After being pulled from digital stores only a few years back, the 2004 classic RollerCoaster Tycoon 3 is making a comeback with a fresh release on PC… and Nintendo Switch. Dubbed as the ‘Complete Edition,’ it comes with both the Soaked! and Wild! Expansions, which is bloody brilliant.
Unlike the disappointing RollerCoaster Tycoon Adventures (which was developed by a totally different company), RollerCoaster Tycoon 3 offers Switch owners what they should have had in the first place – a fully fledged coaster sim in the palm of your hands.
For those unfamiliar with the original, what you get here are a set of 18 scenarios where you must take a failing park and build it back up again, utilising the 300 rides on offer to tempt punters (known as peeps) to your park. Everything can be customised, named and micromanaged to the point where you can really call the park your own.
You can fiddle with how much you charge for drinks and how many pickles you put in burgers. Place a coaster and you can tweak all manners of things, from how fast the chain link pulls the cars up the track to the colours of the fences surrounding the ride. Of course, the real joy is in customising the actual tracks, and the classic track placement style is easy to pick up. Sadly, I’m not a very good (or patient) builder. It’s very expansive and you can literally spend hours laying down tracks to get the perfect ride.
Management is as in depth as you remember with every penny counted (yes you can change from dollars to pounds). Track your income, play with graphs and change charges accordingly to make the most out of attractions and make the big bucks. Janitors not doing enough? Just grab them and make them clean up the puke.
The controls for the Switch version are decent, but not always great. There’s a handy tutorial from the start that also will get you up to speed in about ten minutes, and you’ll be diving into the menus on the ZL and ZR buttons and getting around quite easily. The placing of objects can be a little tricky, though. Initially I found myself placing objects and deleting by accident almost immediately, the difference between a tap and a long press the quirk I had to get used to. There’s other quirks to get used to as well, and it just gets a touch frustrating at times. Especially when you place something, find you can adjust it and must demolish to start over.
Thankfully, building custom coasters isn’t such a hardship. Placing them a piece down at a time, constructing the coaster of your dreams is more than achievable. I ended up building something similar to Alton Tower’s Oblivion, a humongous vertical drop designed to make wearing white trousers very risky. Hey, nightmares are dreams too!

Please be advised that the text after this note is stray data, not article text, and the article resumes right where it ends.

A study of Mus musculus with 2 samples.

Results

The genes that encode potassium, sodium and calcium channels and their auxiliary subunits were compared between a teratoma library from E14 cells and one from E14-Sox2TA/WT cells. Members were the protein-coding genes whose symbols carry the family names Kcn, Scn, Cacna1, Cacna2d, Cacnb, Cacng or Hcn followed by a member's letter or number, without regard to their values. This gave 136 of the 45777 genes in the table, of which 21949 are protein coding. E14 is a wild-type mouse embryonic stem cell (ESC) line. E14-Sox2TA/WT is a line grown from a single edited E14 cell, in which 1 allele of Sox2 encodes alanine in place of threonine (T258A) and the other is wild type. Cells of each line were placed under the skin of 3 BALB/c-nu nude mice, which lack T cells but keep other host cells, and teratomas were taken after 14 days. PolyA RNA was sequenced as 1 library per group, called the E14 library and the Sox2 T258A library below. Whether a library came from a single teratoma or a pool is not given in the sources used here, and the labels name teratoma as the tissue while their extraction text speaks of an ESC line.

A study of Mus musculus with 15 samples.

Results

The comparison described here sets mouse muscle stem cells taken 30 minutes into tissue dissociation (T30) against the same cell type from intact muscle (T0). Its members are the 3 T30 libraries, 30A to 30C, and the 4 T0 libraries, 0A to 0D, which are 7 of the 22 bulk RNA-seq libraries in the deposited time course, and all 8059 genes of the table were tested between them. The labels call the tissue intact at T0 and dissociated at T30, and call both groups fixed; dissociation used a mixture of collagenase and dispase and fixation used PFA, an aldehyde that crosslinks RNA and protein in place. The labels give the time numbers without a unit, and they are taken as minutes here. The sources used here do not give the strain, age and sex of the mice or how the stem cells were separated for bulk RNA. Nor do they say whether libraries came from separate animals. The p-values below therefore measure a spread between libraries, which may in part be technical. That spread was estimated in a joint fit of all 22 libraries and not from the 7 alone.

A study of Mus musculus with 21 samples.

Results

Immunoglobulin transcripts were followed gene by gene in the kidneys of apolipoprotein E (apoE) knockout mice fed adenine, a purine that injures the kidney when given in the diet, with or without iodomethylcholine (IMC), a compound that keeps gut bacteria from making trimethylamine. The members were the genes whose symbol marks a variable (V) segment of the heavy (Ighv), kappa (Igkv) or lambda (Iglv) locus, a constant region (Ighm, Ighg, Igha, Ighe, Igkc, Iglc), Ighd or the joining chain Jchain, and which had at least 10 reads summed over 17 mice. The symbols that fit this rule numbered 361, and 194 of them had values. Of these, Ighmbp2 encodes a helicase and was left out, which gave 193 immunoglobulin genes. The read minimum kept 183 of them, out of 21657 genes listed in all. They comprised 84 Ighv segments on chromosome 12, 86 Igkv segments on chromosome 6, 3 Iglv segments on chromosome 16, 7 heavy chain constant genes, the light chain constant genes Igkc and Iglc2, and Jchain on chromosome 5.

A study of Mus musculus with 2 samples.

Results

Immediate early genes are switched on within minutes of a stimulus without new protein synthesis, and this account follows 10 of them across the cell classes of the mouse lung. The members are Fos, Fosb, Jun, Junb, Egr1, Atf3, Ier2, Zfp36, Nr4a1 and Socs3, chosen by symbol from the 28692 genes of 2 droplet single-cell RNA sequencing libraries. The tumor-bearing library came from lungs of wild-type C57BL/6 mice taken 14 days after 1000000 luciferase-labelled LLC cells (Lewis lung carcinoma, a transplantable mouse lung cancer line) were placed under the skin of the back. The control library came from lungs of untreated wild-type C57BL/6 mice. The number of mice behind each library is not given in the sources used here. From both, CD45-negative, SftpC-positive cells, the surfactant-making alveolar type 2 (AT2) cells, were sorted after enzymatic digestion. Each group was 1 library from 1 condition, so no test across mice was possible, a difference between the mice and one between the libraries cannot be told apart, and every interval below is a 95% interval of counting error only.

RCT3 looks as polished as it can be for a 16 year old game. Some graphical improvements have been made, but nothing feels that noticeable. It’s certainly sharper, but that’s about it. Just try not to look at the peeps up close. At least the framerate is solid. I jam packed my park and never had an issue. In that respect, it’s been well optimised for the Switch, working just as well off the dock as on it.
There are only two modes available: Campaign and Sandbox. The tutorial mode has been neatly folded into the regular game for first time players, but can be switched off through the menu. One thing that’s absent is the scenario creator, although I personally didn’t miss it. There’s enough in the 39 campaign scenarios on offer to keep you busy across the main game, Soaked! and Wild!, and once you have exhausted all of that, the freedom of unlimited cash in a sandbox is where you will probably spend most of your time.
The elephant in the room to address is ‘why should I get this when Planet Coaster exists?’ Well, aside from the fact that Planet Coaster isn’t coming to Nintendo Switch, RCT3 is just good value for money on the handheld. If you want a park management game in the palm of you hand, there’s no real competition on Switch, but if you want to play on a big screen? Well, it’s hard to recommend it over Planet Coaster on PC or the upcoming console release. Planet Coast is this game’s spiritual successor, as Frontier brought their park management sim right up to date and filled it with even more customisation.
Still, RCT3 is a nostalgia-filled package with the great selling points of being able to play it on the go and pause and instantly resume. Compared to its namesake RollerCoaster Tycoon Adventures, there’s just no competition. This makes for a perfect lounge game to sit back, grab a coffee and chill for an hour or two while you build your masterpiece.